Clean food has been making its way onto menus for more than a decade, and as more and more consumers demand transparency around what they’re eating, some are beginning to look more critically at the safety of the packaging their food comes in. While individual chemicals have come under scrutiny, neither consumers nor the packaging industry have called for or developed a holistic approach to packaging designed to satisfy this new appetite for transparency. Professional networks like the Institute of Packaging Professionals (IoPP) have published documents to provide guidance in this space, however, no one standard or approach has been endorsed universally within the industry. Therefore, the responsibility will rest upon individual companies to address this emerging topic.
In the past, consumers relied on regulatory compliance to safeguard them from potentially harmful substances coming into contact with their food. But in today’s hyper-aware world, consumers are not only informed enough to raise questions about specific ingredients and chemicals, but they are also empowered via social media to drive real-world change. For example, Bisphenol A (BPA)—an industrial chemical used to make certain plastics and resins— has been linked by some groups to a variety of possible health problems, including cancer, obesity, and heart disease, and certain studies have shown it can seep into food or beverages. This ultimately led to the chemical being banned in multiple countries, and despite the U.S. Food & Drug Administration declaring it safe, many U.S. consumers have actively denounced it and avoid products that contain it. Other ingredients are coming under increasing scrutiny too, such as perfluorinated compounds (PFCs), which are used in at least one-third of fast food packaging materials as a grease barrier.
A recent consumer survey by HAVI showed that 30% of respondents have heard the term “clean packaging,” about two-thirds view clean packaging as at least “very” important, and 70% see it as equally or more important than clean food. These findings show that while clean packaging is not yet at the forefront of consumers’ minds, the underlying sentiment is important, and once triggered, momentum among consumers will build quickly. Without a strategic, fact-based approach to the matter, an uninformed frenzy could potentially ensue resulting in misinformation and public panic, which could be detrimental to the brands that depend upon these packages. Therefore, it is time for companies to leverage clean packaging to build consumer trust and position themselves as proactive advocates.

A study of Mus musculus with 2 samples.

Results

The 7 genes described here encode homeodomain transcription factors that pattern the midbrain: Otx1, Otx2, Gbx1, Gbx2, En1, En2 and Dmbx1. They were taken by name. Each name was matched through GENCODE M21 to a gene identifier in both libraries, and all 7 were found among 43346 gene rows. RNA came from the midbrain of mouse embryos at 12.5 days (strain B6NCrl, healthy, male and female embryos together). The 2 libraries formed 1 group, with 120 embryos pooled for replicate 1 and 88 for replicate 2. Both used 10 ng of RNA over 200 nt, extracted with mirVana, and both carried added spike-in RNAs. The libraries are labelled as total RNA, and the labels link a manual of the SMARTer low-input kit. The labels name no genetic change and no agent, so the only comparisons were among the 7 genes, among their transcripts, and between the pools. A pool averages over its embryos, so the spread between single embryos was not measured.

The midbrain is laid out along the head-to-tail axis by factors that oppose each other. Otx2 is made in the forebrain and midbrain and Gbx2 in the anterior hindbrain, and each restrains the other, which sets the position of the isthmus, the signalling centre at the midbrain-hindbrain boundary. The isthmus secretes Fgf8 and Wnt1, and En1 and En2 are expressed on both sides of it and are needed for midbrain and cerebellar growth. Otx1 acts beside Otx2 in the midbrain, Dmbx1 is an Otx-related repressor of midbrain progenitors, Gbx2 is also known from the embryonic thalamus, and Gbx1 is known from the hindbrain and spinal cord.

The first step for a brand to approach clean packaging is to define what it means to them. While consumers attribute a number of characteristics to clean packaging, such as “compliant to regulations” or “made from natural materials,” the message that resonates the most is “free from chemicals.” Because chemicals cannot be eliminated from the packaging equation, it becomes essential that the chemicals intentionally used be identified and understood for their potential toxicity. Therefore clean packaging requires at a minimum that a food company:
1. Provide visibility regarding everything that goes into a packaged product.
2. Simplify the materials used while minimizing the use of chemicals.
3. Leverage the ability of clean packaging to further enable clean food.
Next, businesses must determine the level of risk and criticality associated with the issue of clean packaging. As previously stated, clean packaging is not yet a hot-button issue for consumers. However, it will have an impact on consumer trust and could quickly become a central topic, especially given the viral nature of the Internet and social media.
To determine risk, businesses must understand their consumer base. For example, Panera’s website features a “food as it should be” section on the home page, including a link to information about clean food, which suggests their diners may be more responsive to clean packaging messages than diners at a Taco Bell, which does not include such information on its home page. Determining the importance of this issue for their consumer base will allow companies to more easily understand what resources are necessary to effectively address the issue of clean packaging.
The last consideration is to reflect on current practices and methods. Companies must know what is in their packaging and determine if they are able to provide that information in an honest and transparent manner to consumers. Complicating the issue are Non-Intentionally Added Substances (NIAS), which—with the advances in detection methodology—introduce environmental contamination into the equation. For a brand owner to lodge a reasonable defense when confronted with substances not part of their manufacturing process but detected at levels previously unnoticed, they must understand what is in and on their packaging. They should also explore solutions such as creating a list of chemicals or additives that should be avoided and finding suppliers that can leverage advances in packaging technology to further the goal of clean packaging.
The packaging industry is facing significant pressure to adapt to consumer preferences—from increased sustainability to developing materials that better serve e-commerce and delivery channels—and clean packaging is on the horizon, particularly for foodservice brands. Ultimately, clean packaging enables companies to tell a richer story around their clean food, further building trust with consumers at a time when they are demanding more visibility than ever before.
Weldon Williams is Senior Director, Quality Assurance, Packaging at HAVI, with responsibility for overseeing Global Quality Assurance.